I first tried empanadas during my trip to Puerto Rico several years back. Empanadas were literally sold everywhere, on the street, in the rain forest cafe, restaurants, bars, and even on the beach and it's no surprise why; they're delicious, portable, and a great snack. I've made empanadas before but was unsatisfied with the dough...until I conducted a little experiment and found the secret ingredients: white wine, vinegar, and lard. Since I don't find myself going back to Puerto Rico any time soon, why not just make them at home?
- 2 cups all-purpose flour
- 1 teaspoon salt
- ¼ cup lard
- ¼ cup butter cut into small pieces and chilled
- 2 large eggs lightly beaten
- ¼ cup dry white wine
- 1 teaspoon distilled white vinegar
- ¼ lb ground beef
- ½ cup onion finely diced
- 1 garlic clove minced
- ¼ cup diced red bell pepper
- ¼ cup diced canned tomato
- ½ tablespoon tomato paste
- 1 teaspoon chili powder
- ½ teaspoon turmeric
- ½ teaspoon paprika
- ¼ cup chicken stock
- salt and freshly ground pepper
- 2 tablespoon chopped cilantro
- egg wash 1 egg beaten with 1 tablespoon milk
- In a food processor, pulse flour with salt, lard, and butter until the mixture resembles coarse meal. Add the eggs, white wine, and vinegar and pulse just until the dough comes together. Wrap in plastic wrap and chill for 1 hour.
- Meanwhile, prepare the filling. Heat a large saute pan over medium heat. Add ground beef and saute until browned, breaking up the meat. Add the onion, garlic, and bell pepper and saute until vegetables have softened, about 5 minutes. Add the tomato, tomato paste, chili powder, turmeric, and paprika and stir to mix. Add the chicken stock and cook until almost all the liquid has evaporated. Season with salt and pepper and stir in chopped cilantro. Let cool completely.
- Dust work counter with flour and roll out the dough to ⅛-inch thickness. Use a 3-inch biscuit cutter ( for mini empanadas) or 5-inch biscuit cutter (for large empanadas) to cut rounds out of the dough. Reroll the dough scraps and cut out as many additional rounds as possible.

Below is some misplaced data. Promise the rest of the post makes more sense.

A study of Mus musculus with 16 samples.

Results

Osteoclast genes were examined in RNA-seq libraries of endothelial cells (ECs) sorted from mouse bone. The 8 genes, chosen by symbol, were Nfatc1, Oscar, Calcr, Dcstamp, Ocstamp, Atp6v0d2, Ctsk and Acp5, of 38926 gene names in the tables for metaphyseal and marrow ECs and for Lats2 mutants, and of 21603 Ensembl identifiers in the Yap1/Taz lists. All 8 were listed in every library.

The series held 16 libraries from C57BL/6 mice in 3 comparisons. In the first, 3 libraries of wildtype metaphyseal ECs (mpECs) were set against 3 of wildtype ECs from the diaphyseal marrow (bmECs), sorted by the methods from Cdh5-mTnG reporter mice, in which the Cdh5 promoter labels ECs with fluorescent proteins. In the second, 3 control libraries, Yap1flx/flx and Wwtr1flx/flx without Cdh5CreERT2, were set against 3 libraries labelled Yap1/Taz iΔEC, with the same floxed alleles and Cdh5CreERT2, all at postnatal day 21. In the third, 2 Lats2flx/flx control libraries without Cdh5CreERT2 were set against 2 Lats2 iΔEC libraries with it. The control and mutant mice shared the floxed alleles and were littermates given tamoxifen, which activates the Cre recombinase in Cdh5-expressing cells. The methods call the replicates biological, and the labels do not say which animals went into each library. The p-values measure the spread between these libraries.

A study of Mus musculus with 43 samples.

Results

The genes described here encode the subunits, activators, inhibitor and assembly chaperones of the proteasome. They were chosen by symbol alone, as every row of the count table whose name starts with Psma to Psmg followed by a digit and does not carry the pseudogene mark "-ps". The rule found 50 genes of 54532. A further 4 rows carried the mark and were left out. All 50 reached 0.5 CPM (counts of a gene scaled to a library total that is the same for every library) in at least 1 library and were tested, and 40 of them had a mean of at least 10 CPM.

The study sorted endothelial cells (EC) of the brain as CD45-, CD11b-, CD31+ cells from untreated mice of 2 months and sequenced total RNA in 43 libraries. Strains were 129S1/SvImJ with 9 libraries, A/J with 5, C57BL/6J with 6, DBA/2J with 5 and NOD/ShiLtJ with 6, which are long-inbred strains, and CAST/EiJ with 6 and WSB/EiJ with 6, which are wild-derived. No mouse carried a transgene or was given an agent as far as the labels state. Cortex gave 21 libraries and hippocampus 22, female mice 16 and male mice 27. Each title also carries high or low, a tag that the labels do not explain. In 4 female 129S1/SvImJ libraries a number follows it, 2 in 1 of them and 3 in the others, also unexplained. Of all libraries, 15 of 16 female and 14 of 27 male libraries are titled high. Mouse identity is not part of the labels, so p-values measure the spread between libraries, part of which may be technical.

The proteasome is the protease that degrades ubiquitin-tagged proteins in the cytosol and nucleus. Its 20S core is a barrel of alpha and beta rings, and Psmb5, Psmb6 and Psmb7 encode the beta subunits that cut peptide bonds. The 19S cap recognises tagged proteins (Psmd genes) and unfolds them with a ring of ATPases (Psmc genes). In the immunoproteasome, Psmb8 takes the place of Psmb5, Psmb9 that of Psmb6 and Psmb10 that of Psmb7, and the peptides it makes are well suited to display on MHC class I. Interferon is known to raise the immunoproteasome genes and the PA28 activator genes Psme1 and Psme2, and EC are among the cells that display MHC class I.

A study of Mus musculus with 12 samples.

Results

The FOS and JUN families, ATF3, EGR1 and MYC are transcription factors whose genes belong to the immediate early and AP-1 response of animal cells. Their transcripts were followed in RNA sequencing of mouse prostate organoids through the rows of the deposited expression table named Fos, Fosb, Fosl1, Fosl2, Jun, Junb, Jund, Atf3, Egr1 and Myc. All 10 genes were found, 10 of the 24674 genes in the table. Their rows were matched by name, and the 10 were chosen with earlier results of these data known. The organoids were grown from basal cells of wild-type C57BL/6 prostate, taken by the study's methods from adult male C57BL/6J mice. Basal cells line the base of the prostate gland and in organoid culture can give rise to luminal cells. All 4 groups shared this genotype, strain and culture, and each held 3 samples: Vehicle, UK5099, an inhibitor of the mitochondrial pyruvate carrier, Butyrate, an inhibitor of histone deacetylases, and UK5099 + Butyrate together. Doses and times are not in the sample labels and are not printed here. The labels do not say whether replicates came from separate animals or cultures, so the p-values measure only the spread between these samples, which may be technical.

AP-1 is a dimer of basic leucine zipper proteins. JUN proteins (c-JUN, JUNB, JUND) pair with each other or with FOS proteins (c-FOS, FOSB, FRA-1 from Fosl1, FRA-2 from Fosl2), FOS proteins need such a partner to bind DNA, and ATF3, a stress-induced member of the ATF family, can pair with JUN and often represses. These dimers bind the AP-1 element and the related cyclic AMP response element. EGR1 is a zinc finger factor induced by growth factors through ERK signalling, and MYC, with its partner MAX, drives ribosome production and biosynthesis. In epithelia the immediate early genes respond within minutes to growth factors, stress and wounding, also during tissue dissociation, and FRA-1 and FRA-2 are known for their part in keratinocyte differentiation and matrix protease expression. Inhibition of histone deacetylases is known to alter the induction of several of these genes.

- Spoon 2 teaspoons of the filling into the center of the round for small empanadas and ¼ cup filling for large empanadas. Fold the dough over and pinch the edges to seal closed. Use a fork to crimp the edges. Repeat with the remaining dough.
- Preheat oven to 350 degrees F.
- Line a baking sheet with parchment paper. Brush egg wash on the empanadas and lay empanadas on the prepared baking sheet. Bake for 20-25 minutes or until golden brown. Remove from the oven and serve.
**Helpful tips and common mistakes
Making the dough for this recipe is actually very easy with a food processor; it's just a matter of watching the machine do the work. I conducted a little experiment and made several variations of the dough. The first batch was with butter, the second with lard, and the third with half lard, half butter. The dough was made the day before and chilled overnight. Before rolling out the dough, I let it sit out at room temperature for about 20 minutes to make it easier to roll out.
You can prepare the filling the day before since it does need to cool completely.
Now the fun part, the actual making of the empanadas. Make sure you roll your dough to ⅛ inch thick because any thicker, and the ratio of filling to the dough will not be right. You can make mini empanadas and use 3-inch rounds or make regular-sized empanadas and use 5-inch rounds. If you don't have biscuit cutters, any circular object will do.
The dough made with butter was the most difficult to seal since it was the most elastic. The dough with lard was similar to a pie crust dough. It was much more crumbly and would easily fall apart if stretched by hand; however, it sealed very well. Lastly, the dough with half butter and half lard was incredibly soft. This was also very easy to seal, but be careful when lifting the dough because it does stick quite a bit. The dough with lard and the dough with half butter and half lard can re-rolled many times. I had no waste!
If you've ever made dumplings, making empanadas is essentially the same idea. Place the filling in the center and fold the dough in half. Pinch the ends together to seal and use a fork to close the seams. You can also fold over the edges to make a pretty crimping pattern.
Brush with egg wash and you are ready to bake! Empanadas are typically fried but in an effort to be healthier, I went with the oven.
Overall, I enjoyed all three types of dough. The one with lard was flakier than the one with butter, but not drastically so. If I was to choose which type to make again, I would go with half butter and half lard.
Serve with chimichurri sauce on the side for some extra zing. Even though it's a lot of work, it's well worth it, especially when people are telling you that these empanadas are excellent! (True fact.)
For more empanada inspiration check out this galbi poutine recipe!